IN FIRST, EGYPT ALLOWS FUEL INTO BLOCKADED GAZA STRIP

The Egyptian authorities on Wednesday allowed several trucks laden with industrial fuel into the Hamas-run Gaza Strip to allow the enclave's only functioning power plant to resume operations following a two-month hiatus.

The move is reportedly based on previous "understandings", which had not been announced, between Egypt, Hamas -- which has governed the strip since 2007 -- and Mohammed Dahlan, a former leading member of the Fatah movement currently based in the United Arab Emirates.

"Egyptian fuel is now being brought into the Gaza Strip through the Rafah border crossing," a security source in the Gaza Strip confirmed to Anadolu Agency on Wednesday.

The source, who spoke on condition of anonymity as he was not authorized to talk to media, said that a total of one million liters of industrial diesel fuel was expected to be allowed into the strip.

Leading Hamas member Khalil al-Hayya said earlier that Egypt had promised to help alleviate Gaza's dire humanitarian situation by opening the Rafah crossing on a regular basis to allow commercial and human traffic into and out of the coastal strip.

On June 12, a Hamas delegation returned to Gaza from Cairo after a week-long visit during which delegation members had met with Egyptian intelligence officials.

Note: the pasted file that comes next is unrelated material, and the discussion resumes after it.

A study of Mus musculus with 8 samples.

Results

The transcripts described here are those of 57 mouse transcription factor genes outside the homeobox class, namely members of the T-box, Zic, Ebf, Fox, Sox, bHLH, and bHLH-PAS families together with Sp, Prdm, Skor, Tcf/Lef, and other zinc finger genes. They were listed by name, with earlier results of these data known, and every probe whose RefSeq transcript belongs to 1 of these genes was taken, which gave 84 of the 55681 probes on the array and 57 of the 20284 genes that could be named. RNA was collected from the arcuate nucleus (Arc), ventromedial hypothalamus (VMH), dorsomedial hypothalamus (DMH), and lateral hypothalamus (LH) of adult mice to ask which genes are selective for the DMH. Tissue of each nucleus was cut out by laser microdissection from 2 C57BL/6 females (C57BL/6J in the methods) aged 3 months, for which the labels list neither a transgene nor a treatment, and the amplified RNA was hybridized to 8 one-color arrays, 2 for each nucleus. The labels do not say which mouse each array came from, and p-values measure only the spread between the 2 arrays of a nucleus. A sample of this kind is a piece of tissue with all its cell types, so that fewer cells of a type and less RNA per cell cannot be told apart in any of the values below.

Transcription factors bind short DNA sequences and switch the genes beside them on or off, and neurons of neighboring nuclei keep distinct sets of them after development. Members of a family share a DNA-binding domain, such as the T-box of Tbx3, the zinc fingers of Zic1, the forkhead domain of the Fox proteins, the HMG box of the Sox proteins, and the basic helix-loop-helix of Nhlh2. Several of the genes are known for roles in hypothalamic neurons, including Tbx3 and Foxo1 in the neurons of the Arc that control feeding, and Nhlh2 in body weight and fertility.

Wednesday's fuel shipments represent the first time for the Egyptian authorities to allow the entry of industrial fuel into Gaza through the Rafah crossing.

The Egyptian diesel will replace fuel previously sent by the Ramallah-based Palestinian government through the Kerem Shalom crossing linking Gaza, Egypt and Israel.

Those shipments were halted earlier this year after Hamas refused to pay the exceptionally high taxes that were being levied on it by the Ramallah-based Palestinian Authority (PA), forcing Gaza's only power plant to halt operations.

During the brief tenure of former Egyptian President Mohamed Morsi, industrial diesel fuel had been sent into the strip from Egypt through smuggling tunnels linking Gaza to Egypt's Sinai Peninsula.

Egypt's first freely elected president, Morsi was ousted and imprisoned -- after only one year in office -- in a bloody military coup in 2013 led by then Defense Minister Abdel-Fattah al-Sisi.

Since becoming president himself in 2014, al-Sisi has spared no effort to destroy the smuggling tunnels upon which Gaza had relied for the import of basic commodities, including fuel.

Since its only functioning power plant went offline in mid-April, the Gaza Strip has suffered from a severe electricity shortage.

Notably, Egypt's abrupt decision to allow fuel into Gaza comes shortly after Israel began sharply reducing the amount of electricity being supplied to the territory, which has fallen by some 24 megawatts over the past three days alone.

Israel, for its part, says the reductions were based on a request by the PA.

Before the reductions, Israel had supplied the Gaza Strip with 120 megawatts of electricity (out of 450 megawatts needed), which had represented the strip's main source of energy after the power plant went offline in April.

Notably, the same month saw Palestinian President Mahmoud Abbas, who heads up both the Ramallah government and the PA, vow to take "unprecedented steps" aimed at pressuring Hamas to relinquish control of the coastal territory.

Since 2007, the Gaza Strip's roughly two million inhabitants have groaned under a crippling Israeli-Egyptian blockade -- now in its tenth year -- that has deprived them of many basic commodities, including food, fuel and medicine.

As a result, some 80 percent of the coastal enclave's population now reportedly depends on international aid to survive.